What is the Road Transport Museum?
Run by the Lincolnshire Vintage Vehicle Society, which was founded back in 1959, the Road Transport Museum first came into existence in 1966 when the first museum building was built. During the time when the society was founded and the first building constructed, the society spent much of its time accumulating vehicles that they felt were an important part of history. During the early 1960s, vehicles were stored at the Sobaron Baaracks on Burton Road, till the first building was erected on the side of a former NAAFI building.
Soon the society found they were running out of room for their ever growing vehicle collection and two more buildings were constructed at the rear of the site in 1968 and 1969. While these buildings first served as storage space, they later became home to the museums workshop and spares store. Years later in 1993, the society was lucky enough to receive a large sum of money from the North Kesteven District Council that when combined with the societies own funds and some financial assistance from Beckside Construction, allowed the society to construct the new museum building that is still in use today.
Things to do at the museum:
While it may be easy to assume that based on the name that the museum would be packed full of items that are road transportation related. While a large amount of the museums inventory consists of transportation vehicles, both large and small, that were used in Lincoln and its surrounding countryside throughout the years, the museum is also home to a unique selection of street furniture that could be found lining the streets during the same period that many of these vehicles were in use. The museum has also installed a re-creation of a vintage 1950s/1960s village garage workshop, designed to give guests an idea of how maintenance was done before technology became such a common aspect of everyday life.
In order to maximize all the storage space that the museum has to offer, it can be difficult for them to display full size models of every vehicle that was in use in the Lincolnshire area since the museum was first constructed. In order to give guests an in depth experience of road vehicles throughout the years, the museum offers various displays of miniature versions of important vehicles throughout the years. These displays change on a regular basis, so even if you have visited the museum in the past, there is a good chance that these displays may contain vehicles that you may have never seen before. The museum is also working on adding additional displays to its collection for other vehicle manufacturers that it may currently not have any representation for.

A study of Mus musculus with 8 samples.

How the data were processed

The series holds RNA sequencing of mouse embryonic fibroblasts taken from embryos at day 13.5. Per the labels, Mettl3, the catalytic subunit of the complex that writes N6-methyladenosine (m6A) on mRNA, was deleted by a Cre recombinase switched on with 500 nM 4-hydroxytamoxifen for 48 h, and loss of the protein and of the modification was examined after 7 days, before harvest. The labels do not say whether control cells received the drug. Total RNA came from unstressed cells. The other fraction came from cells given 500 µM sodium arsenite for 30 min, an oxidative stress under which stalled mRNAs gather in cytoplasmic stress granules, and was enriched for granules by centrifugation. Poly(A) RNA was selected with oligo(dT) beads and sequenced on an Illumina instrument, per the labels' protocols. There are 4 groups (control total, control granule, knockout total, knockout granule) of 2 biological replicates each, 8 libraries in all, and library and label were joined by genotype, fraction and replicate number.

The museum is also paced full of a variety of different street scenes in addition to the village garage workshop mentioned previously. There are a variety of different street scene displays which include old call box, as well as a variety of different street signs that give guests a look back in time of how life used to be. The signs may be a trip down memory lane for some, a reminder of how life used to be, while others may find it hard to believe how things were in the time when their parents or even grandparents were young.
Other displays include an early city of Lincoln street lamp, a red telephone box, and an Austin 7 747cc Engine and Gearbox. Guests can also experience a display of various Delaine Bus parts, examples of attire that bus crews wore throughout the years, and other vintage accessories like a conductor’s cash bag from the 1950s, and even an office clock that was once used in the now demolished Lincoln bus garage. The museum also offers a display of pedal cycles that showcases how this non-combustion method of transportation has changed over the years.
In addition to the 65 vintage cars, buses and commercial vehicles, and other various exhibits that the Road Transportation Museum offers, there are also a variety of special events offered throughout the year. In order to learn more about the museums special events, you may want to check out the society’s page, www.lvvs.org.uk/, for current events, as well as any cancellations that may occur without notice.
Hours and admissions fees:
Hours of operation for the museum are 12PM to 4PM Monday through Friday, and 10AM to 4PM on Sundays and bank holidays during the months of May through October. During the winter months of November through April, the museum is only open on Sundays from 1PM to 4PM, and Easter Monday from 10AM to 4PM. Guests should note that bank holidays can vary from one year to the next, so it is important to check the visitor information on the www.lvvs.org.uk page, for current information. Admissions fees are £3 for adults, concessions are £2.50 for those under the age of 21 and over 60, and admission for children under the age of 16 are free. It is important to note that the aforementioned admission and concession fee does not apply for special events so guests should either visit the website or contact the museum via telephone for more information.
This is just a brief overview of all the exhibits that the Road Transportation Museum has to offer. With 65 permanent vintage vehicle exhibits and a variety of ever changing mini exhibits, and special events, you are sure to not have the same experience twice.